Necrophobia is an intense anxiety disorder characterized by the fear of dead bodies or corpses. The word Necrophobia is derived from Greek nekros meaning corpse and phob(os) meaning fear or anxiety. People with this phobia often avoid funerals and wakes as they are terrified of seeing dead bodies. Let us study Necrophobia in detail.
Causes of Necrophobia
Like all extreme forms of anxiety disorders, the fear of corpses can be traced back to one’s childhood. The causes naturally depend on the individual and vary from person to person. Below is a list of some common factors that could trigger the fear of dead things:
- A traumatic incident in the past – The phobic might have witnessed the death of a closed one at a young age which later develops into extreme fear about it.
- Learned response – Many anxieties and phobias are actually picked up from the environment. A child might, for example, observe the fearful response of an adult he trusts. S/he then picks up a similar response. Parents who are overly anxious could pass on a similar mindset in their child.
- Genes – Many phobias, including Necrophobia, are hereditary. Certain genes tend to make some individuals more prone to such anxiety disorders than others.
- The response becomes a vicious cycle – The fearful response one has to all things related to corpses or dead things can be quite embarrassing. This in turn becomes a vicious cycle in that, a person becomes afraid of having said response and keeps harping on these negative thoughts and emotions. This causes her/him to be even more fearful about facing a situation involving corpses.
- Stress – Chronic unresolved stress can also cause phobias. Anxiety and depression, as well as work or personal stress if left unchecked, could develop into a phobia.
- Movies books and media – They also play a role in feeding one’s fears.
Symptoms of Fear of Corpses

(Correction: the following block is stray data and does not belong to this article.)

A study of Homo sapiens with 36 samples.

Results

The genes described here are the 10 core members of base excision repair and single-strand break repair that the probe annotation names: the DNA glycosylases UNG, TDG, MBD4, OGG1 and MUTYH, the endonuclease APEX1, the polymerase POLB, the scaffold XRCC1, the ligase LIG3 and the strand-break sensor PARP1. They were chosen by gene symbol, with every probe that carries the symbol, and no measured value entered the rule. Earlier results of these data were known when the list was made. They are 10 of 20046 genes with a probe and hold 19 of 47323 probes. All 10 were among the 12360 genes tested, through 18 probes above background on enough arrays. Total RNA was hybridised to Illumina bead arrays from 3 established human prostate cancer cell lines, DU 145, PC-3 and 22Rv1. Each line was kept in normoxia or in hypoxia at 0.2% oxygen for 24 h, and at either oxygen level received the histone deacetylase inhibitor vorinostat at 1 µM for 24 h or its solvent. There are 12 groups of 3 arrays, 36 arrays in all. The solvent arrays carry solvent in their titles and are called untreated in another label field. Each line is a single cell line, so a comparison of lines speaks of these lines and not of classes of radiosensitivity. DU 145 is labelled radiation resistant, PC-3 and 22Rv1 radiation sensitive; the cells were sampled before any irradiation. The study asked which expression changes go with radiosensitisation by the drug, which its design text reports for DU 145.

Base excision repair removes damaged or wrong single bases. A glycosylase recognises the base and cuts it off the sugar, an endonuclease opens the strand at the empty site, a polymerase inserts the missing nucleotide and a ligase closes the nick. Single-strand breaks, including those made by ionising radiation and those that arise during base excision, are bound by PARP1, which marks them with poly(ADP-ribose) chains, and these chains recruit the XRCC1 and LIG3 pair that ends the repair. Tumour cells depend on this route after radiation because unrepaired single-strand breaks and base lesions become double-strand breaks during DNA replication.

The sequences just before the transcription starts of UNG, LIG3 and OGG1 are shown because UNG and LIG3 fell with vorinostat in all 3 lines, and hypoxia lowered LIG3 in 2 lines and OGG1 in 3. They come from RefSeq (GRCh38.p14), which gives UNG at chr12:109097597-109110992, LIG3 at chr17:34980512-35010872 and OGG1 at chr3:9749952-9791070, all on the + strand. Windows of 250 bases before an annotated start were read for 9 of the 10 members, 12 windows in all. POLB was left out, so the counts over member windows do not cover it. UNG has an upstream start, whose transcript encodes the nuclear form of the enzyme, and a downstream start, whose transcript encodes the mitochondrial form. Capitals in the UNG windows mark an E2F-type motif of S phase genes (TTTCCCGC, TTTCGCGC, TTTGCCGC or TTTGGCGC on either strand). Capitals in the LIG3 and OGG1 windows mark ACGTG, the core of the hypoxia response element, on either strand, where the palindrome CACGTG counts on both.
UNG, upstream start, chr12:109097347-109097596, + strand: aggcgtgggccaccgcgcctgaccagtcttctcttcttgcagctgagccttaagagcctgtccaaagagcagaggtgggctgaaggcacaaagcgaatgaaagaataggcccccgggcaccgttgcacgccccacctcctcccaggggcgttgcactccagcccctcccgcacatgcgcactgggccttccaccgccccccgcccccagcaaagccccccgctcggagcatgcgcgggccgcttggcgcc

Phobias produce varying symptoms in sufferers; what you experience may or may not be the same as experienced by another Necrophobic. In general, necrophobia can present emotional, physical and psychological symptoms such as:
- Feeling dizzy or lightheaded
- Losing touch with reality-feeling a sense of detachment
- Feeling of choking or shortness of breath
- Sweaty palms and racing heart
- Tightness in chest
- Feeling like running away and hiding
- Unable to think clearly-feeling loss of control
- Feeling like dying
- Hot and cold flashes
- Trembling or shaking
- Fearing fainting spells
Intense symptoms of necrophobia can lead to a full blown anxiety or panic attack. Even experiencing this fear can be terrifying and may make the phobic feel stressed and out of control. Such reactions can also leave one completely overwhelmed. The fear of losing control can lead one to become aloof and unsocial. Many phobics avoid situations where they may be faced with the object of their fear, in this case-funerals and wakes. Even talking about corpses or watching movies in the genre can be terrifying. This often makes him/her an object of ridicule.
Treatment for Necrophobia
Self help is the best form of treatment for overcoming the fear of dead things. Read up all you can about this phobia. Talk to someone you trust-it could be a friend or a family member. Learn to manage anxiety through deep breathing, counting backwards, or relaxation techniques like meditation, positive visualization etc. You can also join a peer group online or offline. Speaking to other people with similar anxiety can be comforting and can give you a different perspective on things.
There are several treatments available for phobias like this one. Your physician can recommend one to you.
- Talk therapy is one of them. Speak to a psychologist or a counselor who can guide you in managing anxiety symptoms.
- Cognitive behavior therapy is also a popular treatment for Necrophobia. This therapy uses a variety of methods including desensitization to change negative thoughts and behavioral patterns to more realistic ones.
- Exposure therapy can also help- the phobic is exposed to the object of her/his fears, in this case, corpses, in a safe manner. Through repeated experiences, you will feel more in control of your fear.
- Hypnotherapy is another line of effective treatment. Seek help from an experienced hypnotherapist.
If the above therapies do not help, then your doctor could prescribe medicines such as anti-depressants, tranquilizers and/or beta-blockers. However, many of these are habit forming and come with adverse side effects and must be only taken as a last resort.